Like many others, I was shocked to see the tragedy that befell students, faculty members and families this week at Virginia Tech. Some people ask the question we all have: "Why?"
This is the unanswerable question. Even Franklin Graham says that no one can answer why. We can only grieve with those who grieve and listen to their pain.
When tragedy befalls us, why is often the first question we ask. It happened when another young man - also a former student from Centreville, Virginia, opened fire on a local police station, killing two officers and wounding several others before being killed himself.
It happened when Timothy McVeigh and his co conspirators blew up a Federal building in Oklahoma City in 1995. We asked why again when terrorists flew planes into buildings and thousands died. It happened right after Christmas in 2004 when a massive tsunami killed hundreds of thousands in the Indian ocean.
And then there was Katrina.
Families in the American military ask why their son or daughter had to die. We look to the skies and ask "where was God?"
I know He is there, but could He not have stopped this? Could He not have made the pistols misfire or the police find the gunman before the murders, or reduce the number of deaths?
Yes, He could have, but for whatever reason, He did not and what happened did happen. But that does not mean - as the atheists would reason - that God is not there; it does not mean that He does not care. It does not mean that He cannot act or that we live in a universe where God started the clock and then left us to our own devices.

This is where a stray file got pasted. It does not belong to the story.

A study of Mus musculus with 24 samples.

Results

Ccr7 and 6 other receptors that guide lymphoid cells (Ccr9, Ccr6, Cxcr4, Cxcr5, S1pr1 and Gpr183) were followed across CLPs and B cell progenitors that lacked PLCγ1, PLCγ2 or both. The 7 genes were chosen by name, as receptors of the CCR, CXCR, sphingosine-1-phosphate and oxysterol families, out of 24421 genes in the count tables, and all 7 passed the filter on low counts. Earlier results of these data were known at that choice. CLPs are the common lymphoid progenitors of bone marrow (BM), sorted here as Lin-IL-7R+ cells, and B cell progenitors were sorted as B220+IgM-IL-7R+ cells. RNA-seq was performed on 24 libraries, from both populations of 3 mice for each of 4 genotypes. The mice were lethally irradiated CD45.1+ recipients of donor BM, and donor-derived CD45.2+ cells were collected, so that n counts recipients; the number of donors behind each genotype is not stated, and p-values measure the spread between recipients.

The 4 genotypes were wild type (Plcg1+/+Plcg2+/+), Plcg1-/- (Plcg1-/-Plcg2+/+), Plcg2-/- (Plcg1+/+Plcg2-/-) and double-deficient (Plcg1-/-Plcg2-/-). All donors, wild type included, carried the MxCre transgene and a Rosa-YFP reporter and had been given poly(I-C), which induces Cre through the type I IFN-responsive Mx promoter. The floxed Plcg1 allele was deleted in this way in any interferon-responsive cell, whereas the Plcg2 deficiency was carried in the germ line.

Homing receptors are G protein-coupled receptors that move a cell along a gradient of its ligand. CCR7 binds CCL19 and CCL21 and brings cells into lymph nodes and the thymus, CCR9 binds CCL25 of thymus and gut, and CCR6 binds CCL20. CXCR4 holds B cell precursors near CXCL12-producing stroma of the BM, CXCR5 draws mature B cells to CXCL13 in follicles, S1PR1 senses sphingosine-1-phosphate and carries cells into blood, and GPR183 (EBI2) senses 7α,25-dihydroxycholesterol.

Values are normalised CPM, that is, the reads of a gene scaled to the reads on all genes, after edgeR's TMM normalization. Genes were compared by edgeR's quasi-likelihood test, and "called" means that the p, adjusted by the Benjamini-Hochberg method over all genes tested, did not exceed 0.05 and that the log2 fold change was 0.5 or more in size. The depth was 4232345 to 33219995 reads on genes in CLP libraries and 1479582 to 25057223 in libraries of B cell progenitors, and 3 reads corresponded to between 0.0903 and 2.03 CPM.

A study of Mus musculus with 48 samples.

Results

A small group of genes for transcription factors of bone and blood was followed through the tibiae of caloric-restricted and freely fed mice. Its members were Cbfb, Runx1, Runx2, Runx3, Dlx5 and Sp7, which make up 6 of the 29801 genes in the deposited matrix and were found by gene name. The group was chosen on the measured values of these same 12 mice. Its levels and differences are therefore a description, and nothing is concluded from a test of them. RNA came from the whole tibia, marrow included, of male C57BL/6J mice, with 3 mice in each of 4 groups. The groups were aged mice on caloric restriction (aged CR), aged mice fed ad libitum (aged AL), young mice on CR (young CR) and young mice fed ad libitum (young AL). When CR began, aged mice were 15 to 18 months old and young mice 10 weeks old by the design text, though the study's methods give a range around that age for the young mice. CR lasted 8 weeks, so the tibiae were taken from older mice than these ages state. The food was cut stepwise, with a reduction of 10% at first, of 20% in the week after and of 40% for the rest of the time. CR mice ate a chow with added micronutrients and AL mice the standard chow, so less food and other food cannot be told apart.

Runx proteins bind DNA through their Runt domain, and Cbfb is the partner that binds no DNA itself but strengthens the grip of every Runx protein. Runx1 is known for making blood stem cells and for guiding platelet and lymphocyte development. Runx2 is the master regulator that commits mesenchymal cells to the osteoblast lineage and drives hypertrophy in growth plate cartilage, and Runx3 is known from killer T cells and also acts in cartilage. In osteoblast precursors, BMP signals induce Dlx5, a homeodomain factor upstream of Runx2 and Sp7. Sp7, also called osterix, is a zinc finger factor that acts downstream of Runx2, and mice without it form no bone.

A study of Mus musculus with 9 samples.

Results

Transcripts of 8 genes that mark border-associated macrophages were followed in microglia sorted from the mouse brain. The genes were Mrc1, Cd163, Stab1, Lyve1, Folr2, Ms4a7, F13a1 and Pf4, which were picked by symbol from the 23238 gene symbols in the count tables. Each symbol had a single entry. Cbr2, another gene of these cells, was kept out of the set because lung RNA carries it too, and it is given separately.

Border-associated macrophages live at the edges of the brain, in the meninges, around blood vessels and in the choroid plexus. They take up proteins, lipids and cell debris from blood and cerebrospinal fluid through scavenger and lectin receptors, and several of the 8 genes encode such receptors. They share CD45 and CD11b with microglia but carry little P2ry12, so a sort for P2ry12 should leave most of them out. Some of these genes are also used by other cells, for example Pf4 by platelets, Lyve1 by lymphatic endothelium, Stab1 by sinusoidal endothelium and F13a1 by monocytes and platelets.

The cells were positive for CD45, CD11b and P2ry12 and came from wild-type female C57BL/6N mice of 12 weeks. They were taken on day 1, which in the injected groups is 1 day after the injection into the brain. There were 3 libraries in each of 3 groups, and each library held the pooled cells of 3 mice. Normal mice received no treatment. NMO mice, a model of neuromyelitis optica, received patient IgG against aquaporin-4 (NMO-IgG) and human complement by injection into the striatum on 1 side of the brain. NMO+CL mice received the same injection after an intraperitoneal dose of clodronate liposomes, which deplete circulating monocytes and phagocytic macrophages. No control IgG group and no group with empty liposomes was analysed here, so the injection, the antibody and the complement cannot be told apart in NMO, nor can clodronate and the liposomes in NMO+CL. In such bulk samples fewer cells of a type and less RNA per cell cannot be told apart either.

For me, it reaffirms that life is precious and we cannot presume. It calls forth deep sadness, especially when I see the faces of the victims. It makes me realize that nothing is guaranteed except God.
A friend of mine lost his wife to brain cancer several years back. She died quickly, going from a vibrant woman in her early 50s to a corpse in less than six months. And she was a fervent believer in Christ and in Divine healing.
But she died.
And her husband grieved for her. But he said what he had learned through it all was that God is God and that John 3:16 - "for God so loved the world that He gave His only Begotten Son, that whosoever believes in him should not perish but should have everlasting life" - is true. He has since remarried and moved on, but the memory remains.
I agree with Franklin Graham - We don't know all the whys. We probably will not know them. We look around for someone to blame, but even our railing against the skies or against God or against gun laws or against the killer doesn't satisfy.
But this has made all the petty things that seem to trouble us seem so small - traffic, blackberry's server failing, the stock market's ups and downs. They all pale into vapor compared with the real life suffering and shock we feel. And even as we grieve, more than 120 people were blown to shreds in Baghdad - again - today.
So hold your loved ones closer. And live. Don't just survive. Live!
O merciful Father, who hast taught us in thy holy Word that thou dost not willingly afflict or grieve the children of men: Look with pity upon the sorrows of thy servants for whom our prayers are offered. Remember them, O Lord, in mercy, nourish their souls with patience, comfort them with a sense of thy goodness, lift up thy countenance upon them, and give them peace; through Jesus Christ our Lord. Amen.